PROPERTY NEWS - Parents whose grown children have left home to study, travel or move to their own homes often find it difficult to sell their large family homes because of the memories and emotions attached to these properties.
Many of these "empty nesters" also put off the decision because they feel that downscaling will entail a drastic change in lifestyle.
And then there is the daunting thought of the move itself, and having to decide which of their accumulated "treasures" to keep and which to let go.
However, says Tony Clarke, managing director of the Rawson Property Group, they may find the whole process easier to deal with if they can think of it not so much as downsizing, but rather as "downshifting" to an easier, more secure and less costly lifestyle, as a reward for years of hard work.
Pros of downscaling
"For a start, they will no longer have to worry about the increasing costs of owning and maintaining a large home, or about having to replace or repair major components such as the roof, wiring or plumbing as the property ages."
Secondly, he says, they will have the opportunity to choose a home that not only offers them a higher level of personal security but also a higher level of convenience - such as no stairs, perhaps, or large shower stalls instead of bath tubs, or wider doors and passages.
"In addition, moving may mean they can at last afford some of those luxury features or new technologies they have promised themselves they would have 'some day' - or have more money to spend on hobbies, travel or even a new business.
Moreover, the sooner they sell, the less chance there is that they will have to make a forced sale due to ill health or just the lack of energy or agility to keep a big home in good condition.
And of course the younger they are when they decide to make a move, the easier it will be to get settled in their new home, make new friends and develop new interests."
But perhaps the most compelling reason to downscale, Clarke says, is the difference it can make to one's lifestyle after retirement.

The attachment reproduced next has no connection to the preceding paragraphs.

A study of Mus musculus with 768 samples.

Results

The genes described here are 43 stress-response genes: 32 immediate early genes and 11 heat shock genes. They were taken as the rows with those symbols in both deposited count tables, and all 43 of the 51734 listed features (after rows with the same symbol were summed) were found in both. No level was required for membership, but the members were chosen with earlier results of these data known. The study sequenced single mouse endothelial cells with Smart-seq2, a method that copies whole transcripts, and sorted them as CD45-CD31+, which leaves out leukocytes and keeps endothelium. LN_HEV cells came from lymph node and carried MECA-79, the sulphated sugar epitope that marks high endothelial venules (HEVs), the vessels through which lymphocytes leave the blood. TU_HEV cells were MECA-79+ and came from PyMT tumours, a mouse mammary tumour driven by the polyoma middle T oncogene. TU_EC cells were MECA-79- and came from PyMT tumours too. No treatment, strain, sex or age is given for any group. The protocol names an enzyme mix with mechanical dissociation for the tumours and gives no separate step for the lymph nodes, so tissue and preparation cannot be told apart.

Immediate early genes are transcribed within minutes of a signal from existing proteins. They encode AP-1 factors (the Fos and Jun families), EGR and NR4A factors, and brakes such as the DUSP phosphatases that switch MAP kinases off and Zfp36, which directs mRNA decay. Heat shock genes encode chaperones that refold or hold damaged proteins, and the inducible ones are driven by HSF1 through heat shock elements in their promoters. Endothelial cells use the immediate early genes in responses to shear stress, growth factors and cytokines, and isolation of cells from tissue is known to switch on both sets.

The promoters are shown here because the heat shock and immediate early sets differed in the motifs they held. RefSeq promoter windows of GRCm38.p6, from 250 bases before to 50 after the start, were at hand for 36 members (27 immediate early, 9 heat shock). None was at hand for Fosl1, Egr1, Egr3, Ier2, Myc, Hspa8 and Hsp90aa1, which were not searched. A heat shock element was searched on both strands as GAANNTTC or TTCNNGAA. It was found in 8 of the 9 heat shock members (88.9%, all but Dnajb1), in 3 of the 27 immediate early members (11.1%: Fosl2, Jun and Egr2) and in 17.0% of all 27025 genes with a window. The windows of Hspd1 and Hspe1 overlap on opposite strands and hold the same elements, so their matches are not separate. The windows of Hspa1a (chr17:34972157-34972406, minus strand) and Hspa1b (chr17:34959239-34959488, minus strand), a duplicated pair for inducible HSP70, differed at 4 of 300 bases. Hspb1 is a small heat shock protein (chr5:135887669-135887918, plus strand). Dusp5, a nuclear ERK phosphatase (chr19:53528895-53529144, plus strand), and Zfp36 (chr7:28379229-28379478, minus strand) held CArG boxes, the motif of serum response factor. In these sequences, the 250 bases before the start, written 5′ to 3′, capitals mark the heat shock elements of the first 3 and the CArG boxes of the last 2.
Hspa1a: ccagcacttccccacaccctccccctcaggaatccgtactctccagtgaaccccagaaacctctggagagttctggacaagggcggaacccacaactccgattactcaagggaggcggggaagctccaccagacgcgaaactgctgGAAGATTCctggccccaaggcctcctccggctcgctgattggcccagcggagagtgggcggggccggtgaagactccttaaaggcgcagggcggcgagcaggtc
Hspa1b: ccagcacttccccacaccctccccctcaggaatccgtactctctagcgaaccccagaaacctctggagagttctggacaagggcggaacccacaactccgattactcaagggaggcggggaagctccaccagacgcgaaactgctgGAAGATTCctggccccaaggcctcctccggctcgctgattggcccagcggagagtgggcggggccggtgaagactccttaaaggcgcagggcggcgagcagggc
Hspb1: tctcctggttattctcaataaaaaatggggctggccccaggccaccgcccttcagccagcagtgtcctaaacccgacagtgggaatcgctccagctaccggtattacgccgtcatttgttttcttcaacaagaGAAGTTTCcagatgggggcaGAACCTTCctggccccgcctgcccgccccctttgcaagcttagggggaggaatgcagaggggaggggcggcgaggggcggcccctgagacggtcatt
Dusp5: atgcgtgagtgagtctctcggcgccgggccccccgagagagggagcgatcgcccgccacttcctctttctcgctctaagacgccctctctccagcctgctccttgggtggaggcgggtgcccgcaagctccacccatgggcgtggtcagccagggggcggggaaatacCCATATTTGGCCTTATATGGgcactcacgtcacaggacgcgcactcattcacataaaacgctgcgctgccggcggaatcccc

"It has been calculated that most South Africans who have been in corporate employment and are obliged to retire at 60 or 65 will receive a monthly pension equal to less than a third of the final salary they were making - unless they start making additional private provision for their retirement well in advance.
"And one of the pillars of such financial planning is to pay off debts - including home loans - as early as possible while still earning, and then divert any and all spare cash into more investments or savings for retirement.
"Now, since middle-aged homeowners spend up to 50% of their incomes on housing costs, it stands to reason that most can achieve considerable savings by moving to a smaller property that is cheaper to run and easier to maintain, even if their actual bond repayment is not that much lower than currently.
"These savings can then be used to help them get 'free and clear' of all debts before retirement or added to a nest-egg that will help them maintain their standard of living in retirement."
Having said that, though, he says empty-nesters who are contemplating a move need to keep a close watch on the property market in their area - and pick a time to sell when prices are rising or, at the very least, stable.
"And this, of course, is where the advice and help of an experienced and trusted local estate agent is invaluable."